For marketers, TVs act as priceless sets of eyes
While Ellen Milz and her family were watching the Olympics last summer, their TV watched them.
Milz, 48, who lives with her husband and three children in Chicago, had agreed to be a panellist for a company called TVision Insights, which monitored her viewing habits — and whether her eyes flicked down to her phone during the commercials, whether she was smiling or frowning — through a device on top of her TV.
Milz acknowledged that she had initially found the idea odd, but that those qualms had quickly faded.
“It’s out of sight, out of mind,” she said, comparing it to the Nest security cameras in her home. She said she had initially received $60 for participating and an additional $230 after four to six months.
TVision — which has worked with the Weather Channel, NBC and the Disney ABC Television Group — is one of several companies that have entered living rooms in recent years, emerging with new, granular ways for marketers to understand how people are watching TV and, in particular, commercials.
The appeal of this information has soared as Americans rapidly change their viewing habits, streaming an increasing number of shows weeks or months after they first air, on devices as varied as smartphones, laptops and streaming devices, not to mention TVs.
Through the installation of a Microsoft Kinect device, normally used for Xbox video games, on top of participants’ TVs, TVision tracks the movement of people’s eyes in relation to the TV. The device’s sensors can record minute shifts for all the people in the room. The company matches those viewing patterns to specific shows and commercials using technology that listens to what is being broadcast on the TV.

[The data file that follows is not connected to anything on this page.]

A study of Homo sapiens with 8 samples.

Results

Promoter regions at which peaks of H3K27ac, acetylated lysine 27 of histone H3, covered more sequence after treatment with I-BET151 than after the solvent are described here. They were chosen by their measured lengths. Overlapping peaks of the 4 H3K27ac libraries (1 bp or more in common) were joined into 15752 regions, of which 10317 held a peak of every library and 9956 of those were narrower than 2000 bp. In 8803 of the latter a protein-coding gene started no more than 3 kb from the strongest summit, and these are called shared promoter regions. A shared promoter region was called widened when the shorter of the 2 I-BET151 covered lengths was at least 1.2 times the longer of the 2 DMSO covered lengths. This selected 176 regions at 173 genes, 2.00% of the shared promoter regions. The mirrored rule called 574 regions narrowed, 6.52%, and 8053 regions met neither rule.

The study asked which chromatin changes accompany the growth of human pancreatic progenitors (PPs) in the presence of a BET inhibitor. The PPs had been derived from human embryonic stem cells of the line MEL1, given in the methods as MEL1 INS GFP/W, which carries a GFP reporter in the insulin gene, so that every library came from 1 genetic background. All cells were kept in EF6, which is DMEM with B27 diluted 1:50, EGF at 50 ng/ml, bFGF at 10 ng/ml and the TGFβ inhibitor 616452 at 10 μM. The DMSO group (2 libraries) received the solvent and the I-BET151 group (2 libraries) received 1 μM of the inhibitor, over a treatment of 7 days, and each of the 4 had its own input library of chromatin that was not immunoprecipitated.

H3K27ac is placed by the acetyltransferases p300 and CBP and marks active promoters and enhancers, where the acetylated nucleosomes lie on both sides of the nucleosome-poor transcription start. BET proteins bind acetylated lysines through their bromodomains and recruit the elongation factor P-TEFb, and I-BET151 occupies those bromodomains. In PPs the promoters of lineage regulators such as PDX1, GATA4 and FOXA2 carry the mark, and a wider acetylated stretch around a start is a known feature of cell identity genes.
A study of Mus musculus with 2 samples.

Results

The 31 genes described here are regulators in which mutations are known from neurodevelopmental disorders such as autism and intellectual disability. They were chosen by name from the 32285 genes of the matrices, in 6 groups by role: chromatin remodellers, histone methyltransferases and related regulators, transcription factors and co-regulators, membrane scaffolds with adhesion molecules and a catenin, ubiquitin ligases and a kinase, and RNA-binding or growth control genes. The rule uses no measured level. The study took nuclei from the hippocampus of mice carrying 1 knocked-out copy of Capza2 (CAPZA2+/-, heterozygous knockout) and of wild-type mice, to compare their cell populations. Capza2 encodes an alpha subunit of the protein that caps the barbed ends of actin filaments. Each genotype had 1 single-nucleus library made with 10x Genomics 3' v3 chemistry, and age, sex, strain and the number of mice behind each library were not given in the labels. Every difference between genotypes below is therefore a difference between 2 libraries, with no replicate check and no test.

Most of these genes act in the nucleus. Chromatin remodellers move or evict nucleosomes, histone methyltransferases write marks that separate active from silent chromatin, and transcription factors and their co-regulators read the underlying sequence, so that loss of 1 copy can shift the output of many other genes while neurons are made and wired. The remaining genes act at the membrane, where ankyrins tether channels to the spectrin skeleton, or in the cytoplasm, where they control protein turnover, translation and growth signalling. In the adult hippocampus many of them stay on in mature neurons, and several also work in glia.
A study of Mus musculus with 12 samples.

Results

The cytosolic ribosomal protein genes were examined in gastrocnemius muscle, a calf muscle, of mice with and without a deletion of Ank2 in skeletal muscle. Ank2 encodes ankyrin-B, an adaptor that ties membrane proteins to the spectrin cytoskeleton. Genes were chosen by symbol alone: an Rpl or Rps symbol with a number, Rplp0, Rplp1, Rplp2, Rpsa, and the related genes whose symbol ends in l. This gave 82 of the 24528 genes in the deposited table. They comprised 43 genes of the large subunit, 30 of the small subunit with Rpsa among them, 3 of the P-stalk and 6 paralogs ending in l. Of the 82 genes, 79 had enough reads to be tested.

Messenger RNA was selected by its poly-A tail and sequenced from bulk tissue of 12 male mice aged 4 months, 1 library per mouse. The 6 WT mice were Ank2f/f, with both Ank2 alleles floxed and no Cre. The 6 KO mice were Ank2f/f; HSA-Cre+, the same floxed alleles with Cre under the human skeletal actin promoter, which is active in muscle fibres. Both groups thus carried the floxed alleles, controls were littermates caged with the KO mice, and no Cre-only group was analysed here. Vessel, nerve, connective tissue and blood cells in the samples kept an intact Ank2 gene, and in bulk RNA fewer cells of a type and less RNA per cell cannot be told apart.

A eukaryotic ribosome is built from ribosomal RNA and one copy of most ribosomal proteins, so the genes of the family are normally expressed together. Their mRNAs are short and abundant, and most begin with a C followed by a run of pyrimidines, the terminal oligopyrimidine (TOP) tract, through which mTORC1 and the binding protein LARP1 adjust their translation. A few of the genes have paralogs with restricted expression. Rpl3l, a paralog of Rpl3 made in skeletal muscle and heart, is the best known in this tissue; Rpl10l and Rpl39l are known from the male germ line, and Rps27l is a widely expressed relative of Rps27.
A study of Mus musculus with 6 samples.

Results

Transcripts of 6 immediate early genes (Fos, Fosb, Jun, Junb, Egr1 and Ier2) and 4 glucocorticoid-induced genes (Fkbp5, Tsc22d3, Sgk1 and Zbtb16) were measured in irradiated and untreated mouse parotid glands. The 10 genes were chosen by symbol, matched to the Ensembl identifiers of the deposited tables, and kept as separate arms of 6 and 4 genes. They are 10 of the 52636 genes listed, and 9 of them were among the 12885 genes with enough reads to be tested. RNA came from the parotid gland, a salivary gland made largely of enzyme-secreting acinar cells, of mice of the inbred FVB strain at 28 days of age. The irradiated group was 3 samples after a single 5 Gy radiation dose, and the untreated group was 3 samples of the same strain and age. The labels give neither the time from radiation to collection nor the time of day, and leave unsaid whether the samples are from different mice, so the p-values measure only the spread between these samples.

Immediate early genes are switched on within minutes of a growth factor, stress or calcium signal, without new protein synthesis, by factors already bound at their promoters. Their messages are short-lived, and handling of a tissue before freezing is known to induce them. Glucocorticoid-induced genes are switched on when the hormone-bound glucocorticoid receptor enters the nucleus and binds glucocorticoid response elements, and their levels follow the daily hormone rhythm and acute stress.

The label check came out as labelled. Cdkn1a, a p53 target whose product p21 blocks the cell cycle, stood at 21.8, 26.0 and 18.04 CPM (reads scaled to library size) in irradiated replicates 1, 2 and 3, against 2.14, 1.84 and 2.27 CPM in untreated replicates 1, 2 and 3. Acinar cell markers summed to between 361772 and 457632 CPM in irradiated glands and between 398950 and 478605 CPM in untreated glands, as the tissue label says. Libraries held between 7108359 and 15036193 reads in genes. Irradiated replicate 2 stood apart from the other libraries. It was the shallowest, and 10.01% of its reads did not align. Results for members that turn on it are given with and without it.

“The big thing for TV advertisers and the networks is: Are you actually looking at the screen or not?” said Dan Schiffman, chief revenue officer of TVision. “What you looked at is interesting, but the fact that you looked away is arguably the most interesting.”
He founded TVision, a 30-person startup, with a classmate at MIT.
Companies spend around $69 billion per year on TV ads in the United States and are keen to find out how to best distribute that money in a fractured media landscape. Nielsen and its panel of 42,500 households have long determined how money is spent on TV advertising in the United States. The higher a show’s ratings, the more networks can charge for advertising.
But some industry executives have criticized Nielsen’s methods as outdated. Nielsen selects homes at random to represent the nation’s viewing audience, and measures who is watching what shows, mostly through meters connected to the sets, as well as diaries in select markets and digital tracking of certain ad-supported programs on tablets and phones.
“Nielsen will remain the currency for the time being because it is agreed upon as the thing everyone uses,” said Alan Wurtzel, an adviser at NBCUniversal and its former head of research. “But as the world becomes more complex, as it is, many more additional supplemental or complementary measures will come into play.”
Tvision’s Dan Schiffman shows how software tracks a viewer’s eyes and facial expressions, providing detailed information about their viewing.